Copyright Infringement Policy
The federal Copyright law (Title 17, United States Code, Section 10 et seq.) requires students at Rockhurst University to respect the proprietary rights of owners of copyrights and refrain from actions that constitute an infringement of copyright or other proprietary rights.
Potential Civil and Criminal Sanctions for Copyright Infringement
Students who disregard this policy place themselves individually at risk of civil and criminal liability. As a general matter, a person who is found liable for civil copyright infringement may be ordered to pay actual damages or “statutory” damages in an amount of not less than $750 and not more than $30,000 per work infringed. For a “willful” infringement, damages may be awarded by a court up to $150,000 per work infringed. Courts can also assess costs and attorneys’ fees, in its discretion. See 17 U.S.C. §§ 504 and 505. Also, “willful” copyright infringement can result in imprisonment of up to five years for a first time offense and additional fines. See 17 U.S.C. § 506 and 18 U.S.C. § 2319.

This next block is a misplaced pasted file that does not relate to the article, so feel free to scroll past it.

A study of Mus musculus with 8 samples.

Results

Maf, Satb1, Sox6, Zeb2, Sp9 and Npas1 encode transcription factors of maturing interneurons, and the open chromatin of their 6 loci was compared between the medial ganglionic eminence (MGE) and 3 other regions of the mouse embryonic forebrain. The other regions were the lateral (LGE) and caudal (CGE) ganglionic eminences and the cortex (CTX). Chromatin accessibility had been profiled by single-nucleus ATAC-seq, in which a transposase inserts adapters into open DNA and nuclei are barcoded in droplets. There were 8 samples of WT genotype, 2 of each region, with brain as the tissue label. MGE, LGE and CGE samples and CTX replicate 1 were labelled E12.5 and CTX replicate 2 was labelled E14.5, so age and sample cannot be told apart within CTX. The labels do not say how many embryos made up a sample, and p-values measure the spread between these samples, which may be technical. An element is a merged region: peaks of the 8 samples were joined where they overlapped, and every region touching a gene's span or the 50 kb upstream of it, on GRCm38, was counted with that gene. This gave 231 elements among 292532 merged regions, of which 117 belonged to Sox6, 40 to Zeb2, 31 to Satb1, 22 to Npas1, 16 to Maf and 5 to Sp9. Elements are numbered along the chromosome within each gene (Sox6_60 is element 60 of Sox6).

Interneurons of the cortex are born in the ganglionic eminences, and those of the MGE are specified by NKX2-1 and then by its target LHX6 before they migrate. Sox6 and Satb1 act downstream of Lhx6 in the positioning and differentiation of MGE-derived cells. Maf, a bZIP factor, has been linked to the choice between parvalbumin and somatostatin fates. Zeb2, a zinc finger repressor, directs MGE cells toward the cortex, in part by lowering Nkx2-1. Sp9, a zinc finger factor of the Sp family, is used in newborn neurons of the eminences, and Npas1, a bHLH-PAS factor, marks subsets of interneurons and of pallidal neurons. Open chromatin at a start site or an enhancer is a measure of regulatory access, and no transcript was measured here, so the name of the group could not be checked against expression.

Peer-to-Peer File Sharing
It is a violation of copyright law to use file sharing software (e.g., BitTorrent, KaZaA, Limewire, etc.) to download music, movies, and other copyrighted material without permission from the copyright holder.
All network traffic is subject to monitoring procedures conducted by the Office of Information Technology for purposes of determining compliance with University policies. Outside parties also actively monitor the internet to find incidents of illegal file sharing and may notify the University of such activity. When such a notification is provided by an outside source, the University may disable a person’s network access until the situation is resolved.
If a campus community member is found to have illegally shared files over the University’s network, the full range of disciplinary sanctions are available (along with the civil and/or criminal penalties the person may be subject to), including:
- Indefinite or permanent loss of computer privileges and network access;
- Denial of future access to the University’s IT resources;
- All disciplinary sanctions available pursuant to the University’s policies and handbooks;
- Dismissal from the University; and/or
- Legal action.
Alternatives to illegal downloading copyrighted materials, both paid and free, are abundant on the Internet. Common sources include, but are not limited to: Youtube, Netflix, Hulu, Pandora, Amazon Prime, iTunes, Apple Music, Spotify, Rhapsody, etc.